On Tuesday (Jan. 5), an emotional President Obama announced a series of executive actions to, in his words, “do something to try to prevent the next” mass shooting. “We can,” the President told a cheering White House audience, “reduce gun violence a whole lot more” through “common-sense gun control measures.”
Among the measures outlined by the President are increased background checks for gun purchasers, additional licensing requirements for certain gun sellers, gun safety research, and funding for mental health care.
So there’s the expected political responses. But my question is how should we, as Christians, think about the President’s executive actions about gun control?
First, a disclaimer. I am a gun owner and I respect the Second Amendment. And yes, I also understand that no right, including this one, is absolute. As my friend Russell Moore wrote in an excellent reflection on the gun debate, “We rightly do not allow private citizens to own surface-to-air missiles, for example.”
And let’s all agree that no sane person wants to make it easy for folks to shoot innocent people.
But here are my concerns. First, I believe, along with Chuck Colson, that the role of government is to promote justice and preserve order, which it can only do according to the rule of law. The President’s actions on Tuesday overstep his authority as the chief executive, just as the SCOTUS decision last summer on same-sex marriage overstepped their authority. Congress’s refusal to enact gun-control laws that the President wants does not give him legal or moral authority to legislate. All of this legal overstepping that we’re seeing should concern everyone.
Second, the President’s actions, with the one exception of increased funding for mental health care, do nothing to address the underlying causes of gun violence.
What we’ve witnessed for decades in America is the deterioration of civil society. The result? Increased crime. And all the way back in the 1990’s, Chuck Colson explained why the prison population was exploding:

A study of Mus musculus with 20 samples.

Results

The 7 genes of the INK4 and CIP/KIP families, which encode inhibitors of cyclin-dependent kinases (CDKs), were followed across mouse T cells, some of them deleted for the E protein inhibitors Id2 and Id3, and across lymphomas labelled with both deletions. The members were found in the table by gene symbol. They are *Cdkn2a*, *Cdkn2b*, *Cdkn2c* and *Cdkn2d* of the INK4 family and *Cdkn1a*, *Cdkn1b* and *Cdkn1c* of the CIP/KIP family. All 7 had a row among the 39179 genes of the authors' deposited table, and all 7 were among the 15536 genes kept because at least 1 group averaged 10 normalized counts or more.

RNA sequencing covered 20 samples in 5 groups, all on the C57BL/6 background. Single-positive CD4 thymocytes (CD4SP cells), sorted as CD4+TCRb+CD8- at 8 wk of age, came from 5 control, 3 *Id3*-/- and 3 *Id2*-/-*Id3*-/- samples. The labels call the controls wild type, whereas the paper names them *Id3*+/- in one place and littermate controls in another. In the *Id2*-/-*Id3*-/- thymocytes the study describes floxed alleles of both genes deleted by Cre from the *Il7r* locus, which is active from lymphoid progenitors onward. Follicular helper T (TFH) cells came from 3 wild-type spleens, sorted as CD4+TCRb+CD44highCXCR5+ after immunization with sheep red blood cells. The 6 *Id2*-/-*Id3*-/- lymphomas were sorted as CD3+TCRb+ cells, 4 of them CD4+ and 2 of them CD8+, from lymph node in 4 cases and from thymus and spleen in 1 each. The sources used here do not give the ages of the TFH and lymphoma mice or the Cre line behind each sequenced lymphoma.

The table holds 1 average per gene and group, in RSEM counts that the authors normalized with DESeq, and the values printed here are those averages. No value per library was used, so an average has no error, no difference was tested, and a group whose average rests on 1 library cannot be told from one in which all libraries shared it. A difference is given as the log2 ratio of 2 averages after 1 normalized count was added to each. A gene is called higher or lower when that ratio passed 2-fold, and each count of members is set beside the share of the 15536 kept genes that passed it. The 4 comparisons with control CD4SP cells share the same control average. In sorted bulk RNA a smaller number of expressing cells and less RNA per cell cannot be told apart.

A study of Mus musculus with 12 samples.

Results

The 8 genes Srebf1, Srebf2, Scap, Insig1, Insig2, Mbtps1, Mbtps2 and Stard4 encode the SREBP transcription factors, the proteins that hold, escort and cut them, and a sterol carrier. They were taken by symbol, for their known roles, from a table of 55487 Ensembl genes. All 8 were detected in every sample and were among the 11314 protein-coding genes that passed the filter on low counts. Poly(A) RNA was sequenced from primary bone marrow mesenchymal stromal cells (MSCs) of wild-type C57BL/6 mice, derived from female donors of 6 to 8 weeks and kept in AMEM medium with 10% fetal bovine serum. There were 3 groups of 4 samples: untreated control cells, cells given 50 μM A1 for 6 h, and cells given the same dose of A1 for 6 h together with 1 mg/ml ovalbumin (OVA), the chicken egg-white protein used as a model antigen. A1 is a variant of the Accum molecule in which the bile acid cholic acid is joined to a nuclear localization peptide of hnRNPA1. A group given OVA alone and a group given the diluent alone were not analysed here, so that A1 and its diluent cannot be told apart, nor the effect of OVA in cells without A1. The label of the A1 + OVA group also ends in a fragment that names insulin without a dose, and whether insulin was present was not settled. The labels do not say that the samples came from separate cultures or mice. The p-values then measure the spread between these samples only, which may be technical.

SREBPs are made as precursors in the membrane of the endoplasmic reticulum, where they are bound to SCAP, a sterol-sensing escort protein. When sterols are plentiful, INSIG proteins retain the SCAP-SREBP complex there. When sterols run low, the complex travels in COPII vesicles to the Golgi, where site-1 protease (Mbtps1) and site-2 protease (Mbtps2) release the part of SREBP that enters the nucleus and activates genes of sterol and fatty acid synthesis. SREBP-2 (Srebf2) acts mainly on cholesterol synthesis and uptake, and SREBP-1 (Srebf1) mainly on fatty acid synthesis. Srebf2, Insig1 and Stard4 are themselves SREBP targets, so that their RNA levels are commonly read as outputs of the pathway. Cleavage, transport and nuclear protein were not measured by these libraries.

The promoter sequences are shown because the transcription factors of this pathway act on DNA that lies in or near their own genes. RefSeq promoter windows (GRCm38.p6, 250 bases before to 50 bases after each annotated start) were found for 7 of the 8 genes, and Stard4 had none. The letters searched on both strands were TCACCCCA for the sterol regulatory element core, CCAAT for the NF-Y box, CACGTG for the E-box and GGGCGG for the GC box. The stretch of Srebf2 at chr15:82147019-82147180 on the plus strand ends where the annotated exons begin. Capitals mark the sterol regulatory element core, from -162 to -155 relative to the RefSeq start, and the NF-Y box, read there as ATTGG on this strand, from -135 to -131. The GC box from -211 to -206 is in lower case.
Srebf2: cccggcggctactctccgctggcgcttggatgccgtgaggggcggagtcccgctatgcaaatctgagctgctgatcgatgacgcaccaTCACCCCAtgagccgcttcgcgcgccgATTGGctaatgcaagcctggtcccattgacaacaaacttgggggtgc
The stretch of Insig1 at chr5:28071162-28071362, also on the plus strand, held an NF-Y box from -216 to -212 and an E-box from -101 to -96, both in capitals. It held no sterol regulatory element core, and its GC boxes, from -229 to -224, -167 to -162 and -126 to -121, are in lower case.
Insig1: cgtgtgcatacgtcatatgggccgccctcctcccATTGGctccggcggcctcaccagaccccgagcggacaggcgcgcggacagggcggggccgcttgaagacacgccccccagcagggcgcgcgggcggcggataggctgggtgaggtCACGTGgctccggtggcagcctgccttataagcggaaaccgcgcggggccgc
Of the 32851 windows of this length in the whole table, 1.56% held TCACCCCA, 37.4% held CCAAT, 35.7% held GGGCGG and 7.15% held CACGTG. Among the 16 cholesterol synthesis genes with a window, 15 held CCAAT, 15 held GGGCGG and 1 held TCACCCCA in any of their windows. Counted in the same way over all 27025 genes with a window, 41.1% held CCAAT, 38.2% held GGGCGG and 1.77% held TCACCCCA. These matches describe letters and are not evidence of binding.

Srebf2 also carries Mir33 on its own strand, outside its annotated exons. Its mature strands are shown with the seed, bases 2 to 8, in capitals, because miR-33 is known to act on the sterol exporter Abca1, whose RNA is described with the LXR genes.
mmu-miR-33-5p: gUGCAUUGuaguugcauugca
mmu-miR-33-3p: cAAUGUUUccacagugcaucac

“The surging moral relativism in our culture was eroding our value system. The family was breaking down. Sleazy television, movies, and music poisoned the minds of young people, dulling their consciences . . . And the schools no longer taught right from wrong—only tolerance. Young people had no moral compass, and many of them followed their parents’ footsteps into prison.”
And to that I would add this: as families have broken down, government has grown in size and power, and those “intermediate institutions” so critical to a healthy society–churches, civic associations, philanthropic organizations—have less and less influence on our communities.
Russell Moore put it this way: “If one lives in a community where people know one another, trust one another, and can call a neighbor (armed, if necessary) to help where needed, crime rates tend to be lower.” In other words, “more community, less crime.”
And folks, more government policy cannot create community. The secularist technocratic impulse to attempt to create a perfect world through just the right policies and legislation is an illusion–a political illusion.
The gun-rights/gun-control debate will certainly continue. In the meantime, Christians should be about getting to the heart of the problem: the human heart, and the need for strong communities.
— by John Stonestreet
Stonestreet is the Director of Strategic Partnerships for the Chuck Colson Center for Christian Worldview and is heard on Breakpoint. Copyright© 2016 Prison Fellowship Ministries. Reprinted with permission. BreakPoint is a ministry of Prison Fellowship Ministries.